Come and take a look at one of the most influential low-level adventures of 1st Edition, come take a stand against the cult of the reptile god.
Terror by night! The village of Orlane is dying. Once a small and thriving community, Orlane has become a maze of locked doors and frightened faces. Strangers are shunned, trade has withered. Rumors flourish, growing wilder with each retelling. Terrified peasants flee their homes, abandoning their farms with no explanation. Others simply disappear. . . No one seems to know the cause of the decay — why are there no clues? Who skulks through the twisted shadows of the night? Who or what is behind the doom that has overtaken the village? It will take a brave and skillful band of adventurers to solve the dark riddle of Orlane!
With these words, Against the Cult of the Reptile God calls adventurers to action. Module N1–the N is for novice–isn’t the most innovative module, but it provides a fantastic template for newbies to the game on either side of the screen. Let’s get a quick summary of the Adventure:
The adventure takes place on the border between the Gran March and the Kingdom of Keoland in the western Flanaess. It is one of the most challenging of the early AD&D modules, featuring a mystery that leads to adventures in town, the wilderness and a dungeon. The scenario details the village and the cult’s dungeon caves. The player characters arrive in the village of Orlane, where they are met with mixed reactions. Some villagers are friendly towards the characters, whereas some are distant and others are very suspicious and guarded. The characters realize that something is amiss, and have to find out what. They find that Orlane is being plagued by an evil cult, and the characters have to stop the cult.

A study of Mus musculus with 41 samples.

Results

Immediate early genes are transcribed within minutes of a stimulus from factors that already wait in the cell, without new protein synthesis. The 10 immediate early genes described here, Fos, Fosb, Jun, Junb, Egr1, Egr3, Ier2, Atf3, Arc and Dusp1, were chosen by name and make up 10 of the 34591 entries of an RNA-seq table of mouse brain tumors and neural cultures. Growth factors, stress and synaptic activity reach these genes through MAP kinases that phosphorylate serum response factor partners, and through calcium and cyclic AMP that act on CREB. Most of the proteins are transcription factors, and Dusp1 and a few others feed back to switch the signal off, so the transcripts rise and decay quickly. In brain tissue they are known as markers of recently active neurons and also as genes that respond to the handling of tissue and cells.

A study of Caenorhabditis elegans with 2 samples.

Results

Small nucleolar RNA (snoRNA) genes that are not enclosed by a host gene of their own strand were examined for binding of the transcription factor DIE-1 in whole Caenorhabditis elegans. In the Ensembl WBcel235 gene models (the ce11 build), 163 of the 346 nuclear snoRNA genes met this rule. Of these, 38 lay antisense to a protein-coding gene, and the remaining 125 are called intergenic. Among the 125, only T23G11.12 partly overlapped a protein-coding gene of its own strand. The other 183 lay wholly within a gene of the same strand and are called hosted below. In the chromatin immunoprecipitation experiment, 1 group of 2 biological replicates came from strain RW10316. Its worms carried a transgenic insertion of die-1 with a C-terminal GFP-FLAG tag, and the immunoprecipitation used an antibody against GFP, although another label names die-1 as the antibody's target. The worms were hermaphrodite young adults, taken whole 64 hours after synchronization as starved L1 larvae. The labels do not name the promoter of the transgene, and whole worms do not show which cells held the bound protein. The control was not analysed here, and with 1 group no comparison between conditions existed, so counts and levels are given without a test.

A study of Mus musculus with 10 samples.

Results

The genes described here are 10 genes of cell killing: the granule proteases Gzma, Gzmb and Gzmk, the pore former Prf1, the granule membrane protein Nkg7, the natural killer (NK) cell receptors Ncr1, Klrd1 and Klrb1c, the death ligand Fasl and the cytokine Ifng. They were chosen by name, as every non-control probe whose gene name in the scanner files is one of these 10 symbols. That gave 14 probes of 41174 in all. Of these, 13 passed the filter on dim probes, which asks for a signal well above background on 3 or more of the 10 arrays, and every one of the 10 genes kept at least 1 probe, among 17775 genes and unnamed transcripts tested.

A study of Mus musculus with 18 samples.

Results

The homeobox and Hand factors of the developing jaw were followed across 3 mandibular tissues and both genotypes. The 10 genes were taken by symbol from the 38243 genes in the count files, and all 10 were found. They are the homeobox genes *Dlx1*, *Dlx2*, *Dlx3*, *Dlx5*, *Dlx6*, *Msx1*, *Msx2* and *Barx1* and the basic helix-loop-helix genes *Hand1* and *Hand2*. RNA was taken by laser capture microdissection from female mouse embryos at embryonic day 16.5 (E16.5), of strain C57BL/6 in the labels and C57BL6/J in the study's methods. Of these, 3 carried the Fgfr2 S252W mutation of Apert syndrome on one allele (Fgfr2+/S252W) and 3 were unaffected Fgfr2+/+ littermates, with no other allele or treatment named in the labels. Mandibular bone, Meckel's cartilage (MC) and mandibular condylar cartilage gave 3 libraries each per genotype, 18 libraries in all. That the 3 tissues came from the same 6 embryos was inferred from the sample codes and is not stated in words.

It’s a pretty standard format: heroes arrive in town, investigate rumors and track down clues, before setting off into the wilderness and winding up in a dungeon where they have a showdown with a monster whose shadow has been cast over the adventure as a whole. And yet, this one continues to hang on to its place. Part of this comes down to how well it shows off the pieces of its adventure. You can see how the parts of the adventure fit together, but that’s working in this adventure’s favor here. Let’s talk about what makes this work.
For one, the cult itself are fantastic villains. There’s a lot of hidden surprises as players are drawn into the mystery of the cult. They feel like active villains. The encounters aren’t just waiting around for the players to stumble into them, the cult will take action if the players sit around fumbling in the dark, or arguing over how much they’re going to play for a mug of mead.
And, though the wilderness trek is exactly what you’d expect, it’s a fantastic template for the “journey to the dungeon” and you also find all kinds of ways to set tone and mood for the showdown. There’s a lot happening in this adventure, and it’s well worth checking out, especially if you love stories where there are hidden cultists, and a lot of action waiting. It’s an adventure meant for novices, so it’s got a lot to teach if you’re new, and is a fun piece of D&D history otherwise.